The festive joy of seasonal eating
From Ramadan dates to Christmas pudding, food can encapsulate specific times of year and remind us of the circular rhythms of life
In recent years, the idea of seasonal eating has regained popularity. Environmentalists say that eating produce that is grown locally, in season cuts down on food miles, while many consumers believe that fruit and vegetables harvested at the right time of year, without the need for heat lamps and greenhouses, simply taste better. Some dietitians even say that seasonal foods are more nutritious.
Just as significant is the psychological and emotional association of particular foods with specific times of year. Juicy red strawberries herald an English summer and, especially for me, the Wimbledon tennis tournament. Candied nuts sold by street vendors on the bridge outside St Paul’s Cathedral encapsulate the shortening days and the approaching nip of winter. And we are all familiar with the cultural phenomenon of what used to be known as autumn, having apparently become pumpkin spice season.
Viewing the year through the lens of what we cook and eat, and when, is a universal concept across different cultural and faith traditions. It is an effective, not to mention delicious, way of marking the calendar and observing the passage of time. Sometimes, the freshest produce takes pride of place on the festive table while, at others, items prepared and preserved for use all year round are celebrated.
Often there is a symbolic association to the foods we choose to eat at specific times. For Rosh Hashanah, the Jewish new year, round fruits such as pomegranates and apples are eaten to represent the circularity of the calendar and life itself. Sugary dishes are favoured, too, such as honey cake, which represents the hope for a sweet year ahead.
In Europe and North America hot cross buns, studded with dried fruit and raisins, are eaten at Easter time, in remembrance of Jesus and the crucifixion. The Islamic festival of Eid al-Adha, however, is so closely associated with the sacrifice of an animal and the preparation of meat to share among the community that in many parts of the Arab world it is matter-of-factly referred to as Eid al-Lahm, or the festival of meat.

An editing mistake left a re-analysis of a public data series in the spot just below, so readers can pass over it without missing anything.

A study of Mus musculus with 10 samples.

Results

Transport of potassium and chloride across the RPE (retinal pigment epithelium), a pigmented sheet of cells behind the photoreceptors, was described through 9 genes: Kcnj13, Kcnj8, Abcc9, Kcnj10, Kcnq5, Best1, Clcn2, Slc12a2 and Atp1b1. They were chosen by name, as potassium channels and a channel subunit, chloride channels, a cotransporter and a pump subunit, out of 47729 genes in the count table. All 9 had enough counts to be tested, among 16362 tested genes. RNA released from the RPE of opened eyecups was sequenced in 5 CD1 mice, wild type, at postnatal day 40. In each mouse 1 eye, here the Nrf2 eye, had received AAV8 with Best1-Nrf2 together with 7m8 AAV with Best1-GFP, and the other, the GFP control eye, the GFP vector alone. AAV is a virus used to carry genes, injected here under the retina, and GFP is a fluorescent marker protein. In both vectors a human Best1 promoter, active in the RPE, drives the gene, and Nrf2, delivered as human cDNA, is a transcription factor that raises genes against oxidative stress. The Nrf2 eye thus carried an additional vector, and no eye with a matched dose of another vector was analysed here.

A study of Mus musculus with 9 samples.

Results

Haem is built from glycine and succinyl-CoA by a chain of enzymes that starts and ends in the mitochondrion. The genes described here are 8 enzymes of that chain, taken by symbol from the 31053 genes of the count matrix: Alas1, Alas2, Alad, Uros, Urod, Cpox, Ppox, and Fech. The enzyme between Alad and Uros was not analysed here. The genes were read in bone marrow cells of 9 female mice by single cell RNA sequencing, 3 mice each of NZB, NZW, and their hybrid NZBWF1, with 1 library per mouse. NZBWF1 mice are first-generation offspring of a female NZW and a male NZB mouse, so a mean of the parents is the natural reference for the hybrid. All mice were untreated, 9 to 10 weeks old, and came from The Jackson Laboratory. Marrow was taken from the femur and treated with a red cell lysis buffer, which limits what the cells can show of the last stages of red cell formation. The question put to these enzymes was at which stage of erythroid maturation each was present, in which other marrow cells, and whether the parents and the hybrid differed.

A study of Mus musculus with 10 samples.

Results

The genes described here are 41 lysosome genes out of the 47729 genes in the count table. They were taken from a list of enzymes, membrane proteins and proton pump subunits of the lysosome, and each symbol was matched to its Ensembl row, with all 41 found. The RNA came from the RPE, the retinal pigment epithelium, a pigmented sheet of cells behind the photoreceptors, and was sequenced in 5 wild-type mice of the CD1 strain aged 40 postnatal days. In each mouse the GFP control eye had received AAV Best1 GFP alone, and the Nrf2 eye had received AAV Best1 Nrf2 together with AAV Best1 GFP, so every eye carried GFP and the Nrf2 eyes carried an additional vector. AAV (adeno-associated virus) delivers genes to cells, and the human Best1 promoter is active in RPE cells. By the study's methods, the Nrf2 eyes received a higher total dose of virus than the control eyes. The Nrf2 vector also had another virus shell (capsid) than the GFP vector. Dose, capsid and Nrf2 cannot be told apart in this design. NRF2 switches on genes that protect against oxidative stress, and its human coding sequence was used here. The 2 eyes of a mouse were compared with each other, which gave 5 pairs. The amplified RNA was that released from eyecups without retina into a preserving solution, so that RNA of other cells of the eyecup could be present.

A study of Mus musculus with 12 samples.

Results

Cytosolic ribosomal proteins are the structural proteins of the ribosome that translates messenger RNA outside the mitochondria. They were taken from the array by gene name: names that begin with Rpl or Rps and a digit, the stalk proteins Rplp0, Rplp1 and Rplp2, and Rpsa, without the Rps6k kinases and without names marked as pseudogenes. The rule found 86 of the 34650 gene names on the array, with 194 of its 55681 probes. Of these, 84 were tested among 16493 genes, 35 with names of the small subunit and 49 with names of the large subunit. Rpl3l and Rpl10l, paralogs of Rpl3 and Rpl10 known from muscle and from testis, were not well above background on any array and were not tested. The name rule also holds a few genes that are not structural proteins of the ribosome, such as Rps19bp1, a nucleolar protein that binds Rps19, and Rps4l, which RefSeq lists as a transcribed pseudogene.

Some foods are so intrinsic to their specific holiday that they even share a name. Ashure — a soup made from grains, dried fruit and nuts — is consumed across Turkey, Armenia and the Balkans, marking the Muslim holy day of Ashura, which falls on the tenth day of Muharram in the Islamic calendar.
Many festive foods are not only symbolic, but are built around ingredients that are in season. Harvest festivals are found in all parts of the world and often utilise the most common staple crop: squash and corn in North America; wheat in Europe; yams in West Africa. The Bengali version is known as nabanna, which literally translates to “new rice”. This winter celebration features many rice-based sweets, including patishapta pitha — sweet crepes stuffed with date molasses and coconut.
As we move steadily towards December, many cultures across the globe will be preparing for their winter festivals. Hanukkah, the Jewish festival commemorating the miracle of oil, centres on fried foods: golden, crunchy potato latkes and jam-filled doughnuts known as sufganiyot. Christmas markets also pop up in every northern European town and city, selling aromatic, mulled punches, cinnamon-scented pretzels and fruity mince pies.
Meanwhile, supermarket shelves are filled with season-specific produce: brussels sprouts, tins of luxury biscuits and Christmas puddings. Shoppers go wild for these things, whether they celebrate the holiday or not. I was a Muslim kid growing up in Britain in the 1990s and my family didn’t formally observe Christmas, but we absolutely made a ritual of shopping for traditional, seasonal food.
At the start of the school holidays, we would make a shopping list of all the treats we intended to buy, then I would accompany my parents to the shops, piling the trolley high with selection boxes of chocolate, fancy crackers, posh cheeses with bits of fruit in, yule logs, and, of course, many, many mince pies.
It was a way of feeling connected to the culture and society we were surrounded by. But eating certain foods at specific times of the year is often the most palpable — and low-effort — way for diaspora communities to connect with, celebrate and share their own culture and heritage.
Where language may present a barrier and attending a religious service requires time, belief and commitment, food is easily accessible and can often be a gateway to understanding the festival or holiday on a deeper level. The common practice among Muslims of buying and gifting dates during Ramadan, for example, requires minimal effort but is a tangible example of beginning to prepare practically and spiritually for the month of fasting ahead.
What appeals to me most about eating according to the seasons is the cyclical nature of it. Doing so reminds us of time passing, but also brings the comforting thought that, all being well, we will see that season again — be it a brisk spring, a balmy summer, a blustery autumn or a biting winter — next year.